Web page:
Ocean Mist

Issues and trends shaping our environment, health and economy

7 Nov 2022

COP27 Climate conference

Posted by Michael Keating

Once again world leaders or their delegates are struggling to agree on how to stop climate change from wrecking our health, economies and quality of life. This year the annual pilgrimage to save the planet is at the Egyptian Red Sea resort town of Sharm el-Sheikh. It comes at a time when rising global temperatures are causing increasingly dangerous and costly wildfires, drought, floods and giant storms. But the world is also grappling with the effects of the war in Ukraine, high prices for oil and food, the ongoing impacts of COVID-19 and a looming global recession.

This is the 27th Conference of the Parties [COPs] at which governments try to agree on how to limit the steady rise the global temperature. The two-week meeting started Sunday with a stark warning from United Nations Secretary-General Antonio Guterres. “Greenhouse gas emissions keep growing. Global temperatures keep rising. And our planet is fast approaching tipping points that will make climate chaos irreversible,” he said. “We are on a highway to climate hell with our foot on the accelerator.” He said, “Humanity has a choice: cooperate or perish.”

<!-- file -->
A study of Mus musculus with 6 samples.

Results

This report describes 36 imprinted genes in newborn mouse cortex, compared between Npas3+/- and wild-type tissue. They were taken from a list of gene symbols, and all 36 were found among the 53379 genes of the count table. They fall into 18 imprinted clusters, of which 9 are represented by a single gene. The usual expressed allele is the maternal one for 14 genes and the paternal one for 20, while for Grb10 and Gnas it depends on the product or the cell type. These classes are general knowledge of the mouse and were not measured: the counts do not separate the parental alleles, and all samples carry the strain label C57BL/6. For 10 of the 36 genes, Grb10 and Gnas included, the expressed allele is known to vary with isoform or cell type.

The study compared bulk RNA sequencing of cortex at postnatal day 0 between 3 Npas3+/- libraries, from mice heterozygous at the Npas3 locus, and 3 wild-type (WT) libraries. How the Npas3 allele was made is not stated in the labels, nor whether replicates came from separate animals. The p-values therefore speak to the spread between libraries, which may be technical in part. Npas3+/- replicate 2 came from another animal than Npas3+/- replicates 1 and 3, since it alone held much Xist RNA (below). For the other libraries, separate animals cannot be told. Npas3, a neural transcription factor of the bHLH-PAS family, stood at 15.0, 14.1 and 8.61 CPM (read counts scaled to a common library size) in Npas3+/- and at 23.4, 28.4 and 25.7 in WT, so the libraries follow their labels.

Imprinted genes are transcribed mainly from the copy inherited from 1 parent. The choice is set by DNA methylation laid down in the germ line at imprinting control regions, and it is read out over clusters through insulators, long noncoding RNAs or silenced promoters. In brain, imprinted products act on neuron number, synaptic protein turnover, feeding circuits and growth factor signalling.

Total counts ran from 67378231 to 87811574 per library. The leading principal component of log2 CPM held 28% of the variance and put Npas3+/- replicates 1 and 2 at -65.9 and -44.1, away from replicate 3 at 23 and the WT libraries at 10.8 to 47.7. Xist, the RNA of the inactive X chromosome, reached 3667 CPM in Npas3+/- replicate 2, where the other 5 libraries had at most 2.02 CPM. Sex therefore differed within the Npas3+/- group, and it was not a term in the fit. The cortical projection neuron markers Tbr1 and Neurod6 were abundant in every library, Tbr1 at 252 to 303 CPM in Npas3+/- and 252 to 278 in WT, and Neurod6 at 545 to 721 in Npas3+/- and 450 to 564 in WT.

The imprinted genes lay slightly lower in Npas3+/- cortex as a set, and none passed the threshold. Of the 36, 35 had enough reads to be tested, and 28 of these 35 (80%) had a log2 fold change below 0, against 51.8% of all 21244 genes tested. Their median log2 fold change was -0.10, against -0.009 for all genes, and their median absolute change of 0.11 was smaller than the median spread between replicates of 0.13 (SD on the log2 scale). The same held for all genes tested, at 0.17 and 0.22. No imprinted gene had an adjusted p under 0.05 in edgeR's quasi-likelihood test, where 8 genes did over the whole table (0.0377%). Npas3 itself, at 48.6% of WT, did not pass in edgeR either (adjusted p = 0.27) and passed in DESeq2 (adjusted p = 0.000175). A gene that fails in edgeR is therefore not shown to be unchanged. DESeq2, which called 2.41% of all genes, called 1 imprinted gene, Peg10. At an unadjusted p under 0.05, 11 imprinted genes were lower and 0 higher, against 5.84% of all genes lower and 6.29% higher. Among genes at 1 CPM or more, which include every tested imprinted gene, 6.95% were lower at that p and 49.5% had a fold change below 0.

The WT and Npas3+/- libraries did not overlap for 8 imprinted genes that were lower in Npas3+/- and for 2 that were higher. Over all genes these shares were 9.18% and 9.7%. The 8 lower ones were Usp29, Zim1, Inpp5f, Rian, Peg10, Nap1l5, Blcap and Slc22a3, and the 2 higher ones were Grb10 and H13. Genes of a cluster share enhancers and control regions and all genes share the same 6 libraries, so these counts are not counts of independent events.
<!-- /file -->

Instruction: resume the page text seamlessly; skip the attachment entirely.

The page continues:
The world has already warmed by more than 1C because of human actions and is rapidly heading toward 1.5C a point that climate scientists say will lead to drastic climate changes that will cause great harm to the world. Despite the threat to the future of human civilization many countries continue to develop even more fossil fuel sources and to cut down forests that now store carbon.

The main aims of COP27 are reducing emissions and helping the world adapt for the climate changes that are already happening and will inevitably worsen. This year there is a new demand, that of climate reparations, sometimes called loss and damage payments, from the rich to the poor nations. The claim is that many poor countries that released few greenhouse gases are facing worse hurricanes, floods and wildfires and rising sea levels as a result of climate change caused mainly by the industrial nations. It is a hugely controversial issue with rich nations fearing they could be on the hook for billions even trillions of dollars. Only a few, such as Denmark and Scotland have pledge funding for such reparations.